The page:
Public sector workers in Hackney are nearly £3,000 worse off this year thanks to government pay caps, according to data out today.
The Trades Union Congress (TUC) analysis finds Hackney’s 15,886 public sector workers earned on average £2,981 less in 2016/17 than if their pay had risen in line with inflation – a total loss of more than £47 million.
The full cost in disposable income to Hackney’s public sector workers since the pay caps began in 2010 was more than £296 million.
Mayor Philip Glanville, responding to the numbers, told the Citizen the “unfair” pay cap “takes money out of the pockets of hard working nurses, teachers and social workers”, adding: ‘If they lose out, we all lose out”.
The TUC finds Hackney North and Stoke Newington’s 3,766 public sector workers earned £11,226,045 less in real terms in 2016/17 than they would have without the public sector pay caps.
For Hackney South and Shoreditch’s 12,120 public sector workers the figure was £36,123,632. This means the borough’s 15,886 workers lost a total of £47,349,677.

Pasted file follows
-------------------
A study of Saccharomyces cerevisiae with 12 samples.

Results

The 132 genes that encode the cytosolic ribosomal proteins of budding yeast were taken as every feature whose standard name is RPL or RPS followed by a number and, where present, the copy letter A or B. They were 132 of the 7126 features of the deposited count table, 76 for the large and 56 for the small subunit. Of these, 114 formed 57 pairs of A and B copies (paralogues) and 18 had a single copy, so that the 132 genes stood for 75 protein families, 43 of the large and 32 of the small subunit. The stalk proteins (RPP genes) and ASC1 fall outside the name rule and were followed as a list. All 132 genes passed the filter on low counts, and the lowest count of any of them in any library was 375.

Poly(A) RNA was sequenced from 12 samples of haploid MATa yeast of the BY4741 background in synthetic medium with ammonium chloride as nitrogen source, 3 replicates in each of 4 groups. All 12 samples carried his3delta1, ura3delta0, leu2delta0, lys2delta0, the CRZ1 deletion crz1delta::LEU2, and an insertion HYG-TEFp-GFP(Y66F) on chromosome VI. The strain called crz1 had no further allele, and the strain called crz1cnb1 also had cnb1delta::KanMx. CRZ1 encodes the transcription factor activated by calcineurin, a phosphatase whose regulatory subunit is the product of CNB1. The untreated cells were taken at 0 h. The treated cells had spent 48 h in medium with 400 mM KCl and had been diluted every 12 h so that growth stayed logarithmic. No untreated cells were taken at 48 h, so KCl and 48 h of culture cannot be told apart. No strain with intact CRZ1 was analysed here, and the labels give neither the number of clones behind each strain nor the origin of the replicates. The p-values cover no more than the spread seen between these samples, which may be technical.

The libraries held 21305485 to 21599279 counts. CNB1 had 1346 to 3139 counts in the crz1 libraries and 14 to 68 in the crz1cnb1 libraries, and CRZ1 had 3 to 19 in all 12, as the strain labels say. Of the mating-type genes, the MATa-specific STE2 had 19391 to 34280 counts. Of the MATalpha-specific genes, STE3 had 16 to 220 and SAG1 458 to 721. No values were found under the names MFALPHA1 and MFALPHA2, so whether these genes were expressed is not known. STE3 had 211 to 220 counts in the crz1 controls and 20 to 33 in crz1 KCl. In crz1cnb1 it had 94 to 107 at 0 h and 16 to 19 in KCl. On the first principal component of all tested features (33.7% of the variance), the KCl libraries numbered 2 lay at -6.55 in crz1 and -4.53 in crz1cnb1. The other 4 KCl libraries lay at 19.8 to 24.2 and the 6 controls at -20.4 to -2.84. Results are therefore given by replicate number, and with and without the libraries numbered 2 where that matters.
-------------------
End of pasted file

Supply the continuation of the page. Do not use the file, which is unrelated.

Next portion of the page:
The TUC also estimates a total loss of £70,195,575 in disposable income between 2010 and 2017 for public sector workers in Hackney North and Stoke Newington, and £225,878,235 for Hackney South and Shoreditch – a total of £296,073,810.
It comes amid what the TUC calls a £1.9 billion blow to London’s spending power thanks to the cap, which it said leaves one in seven (15 per cent) of public sector workers skipping meals to save money, and one in four (24 per cent) unable to pay a surprise bill of £500.
“The public sector pay squeeze has hit communities across London hard”, said Megan Dobney, TUC Regional Secretary for London. “And that means less money spent on our high streets and in local businesses.
“The pay cap is a false economy. The chancellor [Philip Hammond] must use the budget to give all public sector workers the pay rise they have earned, and end these artificial pay restrictions.”
Mayor Glanville, speaking to the Citizen, said: “We have been campaigning against the unfair public sector pay cap which takes money out of the pockets of hard working nurses, teachers and social workers, most recently by writing a letter to the chancellor.
“We have done what we can as a council by ensuring that we pay the London Living Wage as an absolute minimum, but every year the proportion of council staff who live in the borough goes down as people struggle to afford the spiralling costs of living in London.”
He added: “Public sector workers aren’t a burden on this country – they are a bedrock of our society and the economy. 16,000 Hackney residents work in the public sector, paying taxes and supporting businesses by buying goods and services. If they lose out, we all lose out.”